Dominion Energy’s Scott Solar facility in Powhatan County, Va. (Sarah Vogelsong / Virginia Mercury)
Dominion Energy’s Scott Solar facility in Powhatan County, Va. (Sarah Vogelsong / Virginia Mercury)

Legislation that would have limited Virginia localities’ ability to restrict development of solar projects is dead for the year after a House subcommittee voted Tuesday to carry the proposal over to 2025. 

But its patron, Sen. Schuyler VanValkenburg, D-Richmond, said he “will be back” with the proposal next year because he sees it as crucial to meeting the mandates of the 2020 Virginia Clean Economy Act, the state’s plan to decarbonize its electric grid by midcentury.

This story was reported and written by our media partner The Virginia Mercury

“If we can’t pass a bill like this, there’s no way we’re going to meet our clean energy goals in the VCEA because this is the softest touch,” said VanValkenburg before the vote. 

Del. Candi Mundon King, D-Prince William, said she had heard about “some very deep concerns from localities,” indicating the idea might need more study before becoming law.

“We have consistently throughout this session sought to find some middle ground with potential unintended consequences for localities,” Mundon King said. “This is something that we need to explore further.” 

Ahead of the 2025 session, the legislation will go to Virginia’s reinvigorated Commission on Electric Utility Regulation for review.

An earlier version of VanValkenburg’s bill would have prohibited local governments from banning solar installations outright. After pushback, the legislation was softened to say localities couldn’t limit the total amount, density or size of solar or energy storage projects as long as the overall area covered by panels within the locality remained under 4% of its land.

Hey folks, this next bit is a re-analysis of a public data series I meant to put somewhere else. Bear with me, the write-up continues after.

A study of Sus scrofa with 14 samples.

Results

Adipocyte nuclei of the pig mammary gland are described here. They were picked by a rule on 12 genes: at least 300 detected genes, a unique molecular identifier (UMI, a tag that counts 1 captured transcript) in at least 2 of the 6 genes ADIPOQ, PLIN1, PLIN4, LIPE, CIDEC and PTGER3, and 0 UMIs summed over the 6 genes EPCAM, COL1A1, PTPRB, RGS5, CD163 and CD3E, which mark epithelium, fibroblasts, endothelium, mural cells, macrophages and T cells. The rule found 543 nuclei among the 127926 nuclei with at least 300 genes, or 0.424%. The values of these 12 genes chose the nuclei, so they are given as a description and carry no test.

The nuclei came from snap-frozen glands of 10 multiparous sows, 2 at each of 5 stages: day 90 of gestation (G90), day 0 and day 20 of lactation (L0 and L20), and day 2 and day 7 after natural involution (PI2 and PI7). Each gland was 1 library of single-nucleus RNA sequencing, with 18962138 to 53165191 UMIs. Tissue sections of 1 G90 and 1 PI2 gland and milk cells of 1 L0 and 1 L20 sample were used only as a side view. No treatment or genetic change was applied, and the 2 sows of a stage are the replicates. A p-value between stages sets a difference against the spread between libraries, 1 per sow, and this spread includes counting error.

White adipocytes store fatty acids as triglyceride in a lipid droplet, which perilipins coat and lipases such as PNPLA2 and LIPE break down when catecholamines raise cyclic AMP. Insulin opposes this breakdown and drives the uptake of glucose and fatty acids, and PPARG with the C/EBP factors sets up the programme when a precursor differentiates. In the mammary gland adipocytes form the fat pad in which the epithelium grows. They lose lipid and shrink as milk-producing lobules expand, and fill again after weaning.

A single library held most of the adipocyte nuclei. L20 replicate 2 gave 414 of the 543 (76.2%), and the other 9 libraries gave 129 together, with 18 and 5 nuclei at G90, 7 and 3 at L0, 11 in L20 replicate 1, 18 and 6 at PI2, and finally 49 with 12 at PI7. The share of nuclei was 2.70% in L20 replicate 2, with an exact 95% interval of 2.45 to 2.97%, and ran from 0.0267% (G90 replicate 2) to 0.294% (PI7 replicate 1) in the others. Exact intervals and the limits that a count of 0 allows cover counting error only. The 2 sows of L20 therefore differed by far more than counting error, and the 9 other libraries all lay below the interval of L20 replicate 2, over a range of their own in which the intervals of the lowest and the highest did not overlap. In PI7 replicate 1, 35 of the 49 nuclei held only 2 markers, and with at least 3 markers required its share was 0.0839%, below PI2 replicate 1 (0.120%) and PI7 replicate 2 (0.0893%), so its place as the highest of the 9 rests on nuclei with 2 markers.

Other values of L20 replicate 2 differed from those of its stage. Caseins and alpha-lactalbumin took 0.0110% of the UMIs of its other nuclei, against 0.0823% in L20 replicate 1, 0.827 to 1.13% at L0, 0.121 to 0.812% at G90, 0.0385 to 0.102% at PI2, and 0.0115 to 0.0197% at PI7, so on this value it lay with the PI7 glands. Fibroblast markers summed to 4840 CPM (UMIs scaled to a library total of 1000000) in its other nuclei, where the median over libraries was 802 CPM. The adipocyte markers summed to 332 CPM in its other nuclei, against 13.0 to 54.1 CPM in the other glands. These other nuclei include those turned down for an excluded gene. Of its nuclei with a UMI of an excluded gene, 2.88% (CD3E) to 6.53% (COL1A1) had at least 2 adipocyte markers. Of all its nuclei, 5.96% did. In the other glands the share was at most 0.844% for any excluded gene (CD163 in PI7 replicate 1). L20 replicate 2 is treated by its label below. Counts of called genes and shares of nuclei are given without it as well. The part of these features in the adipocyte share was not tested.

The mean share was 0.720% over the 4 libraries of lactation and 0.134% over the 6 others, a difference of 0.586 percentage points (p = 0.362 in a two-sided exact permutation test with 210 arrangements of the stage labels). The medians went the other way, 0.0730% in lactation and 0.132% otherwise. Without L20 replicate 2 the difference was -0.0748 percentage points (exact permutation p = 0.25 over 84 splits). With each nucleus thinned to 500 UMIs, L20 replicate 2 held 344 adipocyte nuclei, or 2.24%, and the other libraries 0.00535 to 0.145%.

The solar industry and environmental groups argued the bill was necessary for the state to meet the requirements of the VCEA  given bans and limits imposed by some local governments on solar projects. 

“It doesn’t mandate solar deployment,” said Greg Habeeb, a lobbyist for the Solar Energy Industry Association. “It does nothing but say counties must allow landowners to present their chosen use, their chosen development project.”

The need is particularly pressing as energy demand grows in the state, said Patrick Cushing, a lobbyist for the American Clean Power Association, a clean energy industry group.

“We are going to have to generate electricity somewhere,” he said. “We prefer that to be clean.”

But local governments and the agriculture and forestry industries said the law would unfairly usurp local control over land use decisions. Even the 4% trigger allowing localities to place limits on growth if solar development hit a certain peak “does not take into account the unique circumstances in each individual locality,” said Justin Sanders, a senior planner with Montgomery County.

Localities are “stepping up to meet the demands for clean energy,” said Joe Lerch, policy director for the Virginia Association of Counties. Sixty-nine counties, he noted, have approved solar projects that would produce about 12,000 megawatts of power and cover about 180 square miles. 

“We really do believe that this deserves further study and the opportunity for localities and citizens to work with the patron and its supporters to find a bill that will balance the needs of increased solar energy development in the commonwealth and local land use,” Sanders said.